The AQHA office is closed Thursday, December 25, Friday, December 26, and Thursday, January 1.

All American: Houdini's Magic

Houdini continues the magic created by his Oklahoma breeder.

By Andrea Caudill
Q-Racing Journal
August 28, 2013

houdini

Houdini. PHOTO: Andrea Caudill

Houdini is looking to pull yet another rabbit out of his hat on Labor Day, when he enters the $2.6 million All American Futurity (G1) with the hopes to conjure one of the sport’s biggest prizes.

The Valiant Hero gelding races for the Ellen Kennedy Living Trust of Owasso, Oklahoma, which is managed by Ellen’s son, Allen. The brown gelding is trained by Luis Villafranco and is only a nose from being undefeated in five career starts. His lone loss came to Coronado Cartel in the $720,000 Remington Park Oklahoma-Bred Futurity (R). He has earned $150,474.

Houdini represents well the legacy of his breeder, who died in 2010.

Ellen just loved horses. It was a passion unique in her family when she was growing up, but one that lasted a lifetime. She loved all horses, and competed with palominos and Appaloosas before settling in American Quarter Horses. She bred American Quarter Horses for more than 40 years.

“She didn’t know why she had such a love for horses,” Allen said. “She just really loved them.”

Ellen registered her first American Quarter Horse foal in 1963, a Vandy Leo mare named Vandy Goleo. She got involved in racing through the help of trainer and friend Carmen Howell. Runners she bred accumulated earnings of more than $3.8 million and include such standouts as Heza Ramblin Man ($750,907), Rakin In The Cash ($242,707), Little Bit Of Ah Ha ($315,699), Spanish Boot ($128,208), Bueno Misquito ($145,392), Kisses Anywhere ($104,764) and Photo Smart ($215,685).

“She wasn’t interested in the betting (or the money),” Allen said. “She just loved the horse part, the breeding and how they ran. She liked to raise her own.”

Howell bred Kennedy’s mare Pure Oklahoma, a 1994 daughter of Takin On The Cash who won the Shebester Futurity (G3) and was a Grade 1 finalist with career earnings of $36,758.

“She was crazy – especially in the saddling paddock,” Allen remembered of the mare’s racing career. “She’d run around, and (trainer) Rodney (Reed) would just hang on to her. She’s become a real good broodmare around here.”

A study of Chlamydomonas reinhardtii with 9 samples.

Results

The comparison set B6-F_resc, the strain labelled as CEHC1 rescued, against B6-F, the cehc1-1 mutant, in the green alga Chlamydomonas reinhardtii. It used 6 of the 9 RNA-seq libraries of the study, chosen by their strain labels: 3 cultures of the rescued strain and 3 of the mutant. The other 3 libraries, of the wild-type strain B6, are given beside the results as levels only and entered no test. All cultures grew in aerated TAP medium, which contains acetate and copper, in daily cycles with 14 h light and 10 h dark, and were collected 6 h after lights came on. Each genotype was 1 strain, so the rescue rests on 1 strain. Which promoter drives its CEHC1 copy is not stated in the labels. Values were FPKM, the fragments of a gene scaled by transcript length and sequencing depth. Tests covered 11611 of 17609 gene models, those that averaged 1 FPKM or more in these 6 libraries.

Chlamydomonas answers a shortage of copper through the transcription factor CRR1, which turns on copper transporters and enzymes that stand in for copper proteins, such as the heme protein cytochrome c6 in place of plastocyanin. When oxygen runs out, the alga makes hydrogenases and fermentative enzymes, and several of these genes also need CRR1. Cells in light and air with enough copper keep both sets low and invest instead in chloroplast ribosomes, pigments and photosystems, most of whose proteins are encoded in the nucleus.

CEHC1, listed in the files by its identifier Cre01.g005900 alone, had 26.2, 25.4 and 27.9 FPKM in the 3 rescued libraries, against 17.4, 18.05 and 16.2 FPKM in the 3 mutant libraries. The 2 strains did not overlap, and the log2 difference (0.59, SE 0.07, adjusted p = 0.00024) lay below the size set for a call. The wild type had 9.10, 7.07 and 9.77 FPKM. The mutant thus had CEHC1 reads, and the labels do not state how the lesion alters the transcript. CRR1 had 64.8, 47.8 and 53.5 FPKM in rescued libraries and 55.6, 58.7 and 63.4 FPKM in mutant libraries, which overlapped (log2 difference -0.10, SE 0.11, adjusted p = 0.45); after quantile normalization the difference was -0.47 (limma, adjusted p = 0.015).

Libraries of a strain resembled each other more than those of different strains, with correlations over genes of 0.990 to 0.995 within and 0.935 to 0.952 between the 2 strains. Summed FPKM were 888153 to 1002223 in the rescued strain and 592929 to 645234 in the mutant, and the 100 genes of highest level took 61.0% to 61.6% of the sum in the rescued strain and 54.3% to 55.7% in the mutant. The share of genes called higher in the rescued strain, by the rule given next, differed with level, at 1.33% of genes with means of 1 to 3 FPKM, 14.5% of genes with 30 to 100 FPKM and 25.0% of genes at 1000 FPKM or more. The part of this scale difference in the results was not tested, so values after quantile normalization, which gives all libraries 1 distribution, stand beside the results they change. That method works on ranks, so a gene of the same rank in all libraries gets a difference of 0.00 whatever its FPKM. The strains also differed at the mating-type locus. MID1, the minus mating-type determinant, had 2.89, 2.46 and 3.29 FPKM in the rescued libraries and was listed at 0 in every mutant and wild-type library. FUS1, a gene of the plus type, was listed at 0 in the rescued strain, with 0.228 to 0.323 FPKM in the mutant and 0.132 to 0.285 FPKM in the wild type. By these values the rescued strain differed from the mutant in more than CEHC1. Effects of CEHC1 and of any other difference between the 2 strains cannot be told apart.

She has become a real good broodmare, indeed. All 10 of her starters are winners, lead by Restricted Grade 1 winner Adios My Amigos ($232,080) and graded stakes winner Oklahoma Bandido ($162,609).

Ellen died at the age of 92 after a short battle with cancer. Allen has taken over managing his mother’s business and legacy in the horse industry. He has gotten assistance and advice from many friends in the industry as he became more hands-on with the horses and the intricacies of running a ranch. He keeps the broodmares and raises the youngsters, and races the horses in his mother’s name.

“I wanted Mom to get the credit,” Allen said.

Houdini was foaled in 2011.

“He was really mean, so I stayed away from him,” Allen says with a laugh. “I had a guy named Ralph Williams who got him pretty well broke. When Luis got him, I think he had a lot of jockeys on him, he was just a handful. Luis had to cut him finally. I don’t think Luis knew he’d be that good.”

The horse’s name – which was miraculously free in AQHA’s database – is an appropriate one.

“I named him Houdini because he could open gates – if they don’t have a lock or snap on them, he’ll get them open,” Allen said. “Luis called me up one day and said ‘Now I know why you called him Houdini!’ – apparently he got out of his stall and was out in the loafing shed.”

Houdini was a $50,000 supplement to the All American trials, and ran in the very first trial on the first day, leading up to a nail-biting day for his owner.

“I found out he was running in the first trial, I thought ‘Oh my gosh!’” Allen said. “He ran beautiful, did nice. … I turned the TV off, I couldn’t watch (all day). I watched the last few races, and I couldn’t believe his time held up. I guess that’s the whole deal – I still can’t believe it!”

And now it’s time for a little bit of magic on race day.  

“Mom would be so proud,” Allen said. “I kinda feel like she’s still around, in spirit. I know she’d be so happy.”

The All American Derby and Futurity are September 1-2. Extended coverage of the All American weekend is provided by the Q-Racing Journal. Read the digital Q-Racing Journal at www.aqharacing.com. If you cannot attend the races live, watch them on Q-Racing Video at www.qracingvideo.com.